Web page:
We are currently verifying that this resource no longer uses Adobe Flash and will update the review shortly.
Grades2 to 12
Queeky offers two feature-rich, online draw/paint programs: Queeky Paint (also available as a downloadable, offline paint program for Mac or Windows) and Multidraw. Queeky Paint provides sophisticated draw and paint tools. QueekyPaint supports upload of your own image to then draw, paint, or alter. Multidraw allows multiple people to collaborate on a drawing board while text chatting in near-real time. Multidraw offers more than tools and options the simple paint programs and also adds a playback feature so you can watch the drawing process played back over and over. Chat as you draw together with other in Multidraw. Multidraw also uses HTML5 computer language so it works on mobile devices that do not support Flash! You have complete control of transparency, line thickness, colors (within a web palette), and much, much more. Queeky also hosts a community of very accomplished digital artists to learn from, even if you never lift an electronic pencil. Watch featured artists' works played back to see they were done, and even start from one drawing to create a new version ("variate"). If you are fortunate enough to have a mobile tablet, use the Multidraw tools with your finger! There is a full screen option to use while drawing or playing back, as well. Begin a multidraw drawing without any membership. You can password protect it to limit those who have access to make changes. Be sure to mark the url in Favorites or copy/paste it somewhere it will not get lost! Share it with others to join the drawing simply by giving them the url (and password). Drawings without passwords are open for the public to join in -- probably not a good idea! Save completed (NOT playable) drawings by clicking Save.It will open in a new window for you to RIGHT click and SAVE As a png file on your local computer. Note that the files are designed for use on computers and are not high resolution print-quality images for brochures, etc.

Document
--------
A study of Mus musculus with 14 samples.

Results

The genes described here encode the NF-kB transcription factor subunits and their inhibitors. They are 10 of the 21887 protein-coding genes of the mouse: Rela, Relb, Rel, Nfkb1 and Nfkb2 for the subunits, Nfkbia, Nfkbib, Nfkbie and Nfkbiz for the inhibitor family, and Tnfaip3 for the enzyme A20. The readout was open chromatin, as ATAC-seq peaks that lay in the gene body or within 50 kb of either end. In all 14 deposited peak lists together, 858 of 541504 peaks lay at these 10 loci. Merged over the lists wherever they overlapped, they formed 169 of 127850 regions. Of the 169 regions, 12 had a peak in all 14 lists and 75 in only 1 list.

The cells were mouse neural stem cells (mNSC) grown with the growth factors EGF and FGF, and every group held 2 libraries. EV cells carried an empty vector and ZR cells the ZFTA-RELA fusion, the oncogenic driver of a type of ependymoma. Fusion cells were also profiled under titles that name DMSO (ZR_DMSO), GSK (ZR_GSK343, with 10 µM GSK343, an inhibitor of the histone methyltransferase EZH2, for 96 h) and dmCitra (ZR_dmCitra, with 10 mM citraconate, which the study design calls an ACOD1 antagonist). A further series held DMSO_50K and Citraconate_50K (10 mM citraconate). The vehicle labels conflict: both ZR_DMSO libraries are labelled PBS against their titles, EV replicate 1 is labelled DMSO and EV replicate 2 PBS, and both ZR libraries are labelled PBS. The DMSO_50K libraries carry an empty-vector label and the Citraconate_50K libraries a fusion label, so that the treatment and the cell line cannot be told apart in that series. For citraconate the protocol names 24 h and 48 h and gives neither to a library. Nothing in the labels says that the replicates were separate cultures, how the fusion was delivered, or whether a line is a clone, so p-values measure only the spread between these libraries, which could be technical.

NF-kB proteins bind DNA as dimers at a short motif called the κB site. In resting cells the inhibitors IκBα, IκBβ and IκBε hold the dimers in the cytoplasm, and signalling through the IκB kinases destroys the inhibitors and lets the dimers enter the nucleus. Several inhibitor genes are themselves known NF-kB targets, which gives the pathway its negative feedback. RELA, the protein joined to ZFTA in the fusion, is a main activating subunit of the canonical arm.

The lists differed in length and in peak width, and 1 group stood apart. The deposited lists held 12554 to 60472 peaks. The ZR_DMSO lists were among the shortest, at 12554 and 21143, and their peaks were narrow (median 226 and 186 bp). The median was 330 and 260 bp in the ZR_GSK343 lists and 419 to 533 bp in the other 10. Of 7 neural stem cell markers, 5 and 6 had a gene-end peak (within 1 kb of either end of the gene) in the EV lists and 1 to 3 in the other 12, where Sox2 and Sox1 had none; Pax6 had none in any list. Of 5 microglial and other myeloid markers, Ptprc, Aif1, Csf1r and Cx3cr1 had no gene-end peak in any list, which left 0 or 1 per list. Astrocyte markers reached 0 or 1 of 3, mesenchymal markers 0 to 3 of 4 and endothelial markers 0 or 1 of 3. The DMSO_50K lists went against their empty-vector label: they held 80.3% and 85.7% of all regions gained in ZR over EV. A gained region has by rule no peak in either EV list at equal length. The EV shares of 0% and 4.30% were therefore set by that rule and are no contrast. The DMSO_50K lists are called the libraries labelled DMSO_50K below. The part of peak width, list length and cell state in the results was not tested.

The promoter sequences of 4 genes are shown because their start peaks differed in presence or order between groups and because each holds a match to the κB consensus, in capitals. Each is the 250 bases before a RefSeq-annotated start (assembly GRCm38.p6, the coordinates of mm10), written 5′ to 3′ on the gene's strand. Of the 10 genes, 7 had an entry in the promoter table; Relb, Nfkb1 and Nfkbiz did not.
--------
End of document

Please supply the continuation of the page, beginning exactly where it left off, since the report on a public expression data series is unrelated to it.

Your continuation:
This site includes advertising.
This site includes advertising.
In the ClassroomTo view and share drawings on a projector or interactive whiteboard with your class, you do not need to join. You can even draw. collaborate, and play back a drawing without saving. For full features, join the site (free). The confirmation email is slow to arrive, so join a day or so ahead of time. We suspect that the Germany-based site has real humans checking memberships on Germany time! While you wait, you can experiment with the drawing tools or learn about them by visiting the gallery and "playing" some drawings to see how some of the tools can be set to create truly artistic images. Be sure to experiment with the tools together with your students. There is an undo tool--very important as you start out. There are no demonstration videos or help screens, so you may learn best by doing or watching what others have done. There is a forum where users discuss tools, etc. Preview before sending students here, but the advice may be very helpful.
Art teachers will love the chance to teach about design elements in a public, hands-on environment. Assign students to use only certain tools or to "variate" on a starter drawing you provide to demonstrate both creativity and mastery of the elements. Students using the tool from home could generate an actual portfolio of drawings without expending precious art materials. Have students or groups create collections or locate artworks in the galleries that demonstrate the design elements or techniques you want them to notice. Without joining the site, play selected drawings on a projector or interactive whiteboard and have students narrate what they see the artist doing.
Students in other subjects can use password protected Multidraw "rooms" (save the URL!) to create and share collaborative visual explanations of science processes, book covers for literature (with explanations for the design choices, of course), visual responses to poetry, graphics or logos for "companies" they create in a business or math class, etc. The animated playbacks of drawings could even show how to form letters in manuscript or do calligraphy (if you can do it without making a mistake!). An animated playback of a science process like the water cycle would be a great way to assess student understanding or reinforce the concepts. Challenge your gifted students to collaborate on Multidraw diagrams and playbacks to explain processes, sketch out ideas, or plan a project.